The Nutter administration says it is improving the screening of companies that bid for construction contracts, after one contractor at the airport was caught fudging the facts on his bid.
Philadelphia inspector general Amy Kurland says the contractor, John Hart of Hart Enterprises, misrepresented himself on a bid for restroom renovation work at the airport between 2011 and 2012.
“They (Hart’s firm) did not disclose that there was a prior conviction, that there were negative judgments, that there were outstanding liens, and that the company owed back taxes,” she said today.
The contracts were eventually canceled, but not before Hart’s firm was paid $275,000 by the city.
Kurland says the Philadelphia DA’s office is now pursuing criminal charges against the firm.
In the big picture, though, she says the case highlighted failings in the way the city screens firms that bid for such jobs.
“There was nothing in place to independently check the accuracy of these questionnaires,” she noted. “There was no city process in place for anybody to do those pre-qualification checks.”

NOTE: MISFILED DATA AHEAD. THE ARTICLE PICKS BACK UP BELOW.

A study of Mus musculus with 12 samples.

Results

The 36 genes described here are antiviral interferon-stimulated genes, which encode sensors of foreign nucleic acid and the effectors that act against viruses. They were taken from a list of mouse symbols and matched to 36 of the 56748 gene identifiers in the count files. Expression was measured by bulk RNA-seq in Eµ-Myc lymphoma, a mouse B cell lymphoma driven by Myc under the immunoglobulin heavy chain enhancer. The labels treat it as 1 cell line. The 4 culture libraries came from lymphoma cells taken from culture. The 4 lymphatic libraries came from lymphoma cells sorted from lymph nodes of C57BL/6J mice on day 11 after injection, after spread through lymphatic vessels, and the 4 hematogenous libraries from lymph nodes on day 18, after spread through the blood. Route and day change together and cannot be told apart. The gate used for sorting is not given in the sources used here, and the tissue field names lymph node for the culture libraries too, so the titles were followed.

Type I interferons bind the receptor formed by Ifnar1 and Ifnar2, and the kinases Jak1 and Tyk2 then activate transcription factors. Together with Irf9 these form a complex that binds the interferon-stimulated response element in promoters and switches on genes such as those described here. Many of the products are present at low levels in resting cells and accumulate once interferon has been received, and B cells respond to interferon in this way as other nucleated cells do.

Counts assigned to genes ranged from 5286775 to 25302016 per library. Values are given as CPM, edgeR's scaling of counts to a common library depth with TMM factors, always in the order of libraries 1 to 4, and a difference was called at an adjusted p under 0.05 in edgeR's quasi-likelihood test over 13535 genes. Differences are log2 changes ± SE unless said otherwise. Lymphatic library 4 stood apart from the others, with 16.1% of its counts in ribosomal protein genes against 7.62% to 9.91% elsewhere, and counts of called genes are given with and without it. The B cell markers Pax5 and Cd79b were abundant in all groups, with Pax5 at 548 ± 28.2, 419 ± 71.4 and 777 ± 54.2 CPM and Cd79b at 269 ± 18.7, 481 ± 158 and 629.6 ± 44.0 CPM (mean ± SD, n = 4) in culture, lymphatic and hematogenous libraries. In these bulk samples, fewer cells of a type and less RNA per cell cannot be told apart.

So the Hart case, Kurland says, has already prompted internal changes among the departments that deal with such contracts.
“What we’re recommending is prevention steps at each part of the contracting process. Whether it’s at the time of the bid, at the time of the award, during performance, or before payment: we’re recommending checks at each of those stages,” she said.
Kurland is optimistic the new procedures will weed out fraudulent contractors.
“There’s always going to be fraud,” she acknowledged, “but the more checks that we have, the more likely we are to prevent it.”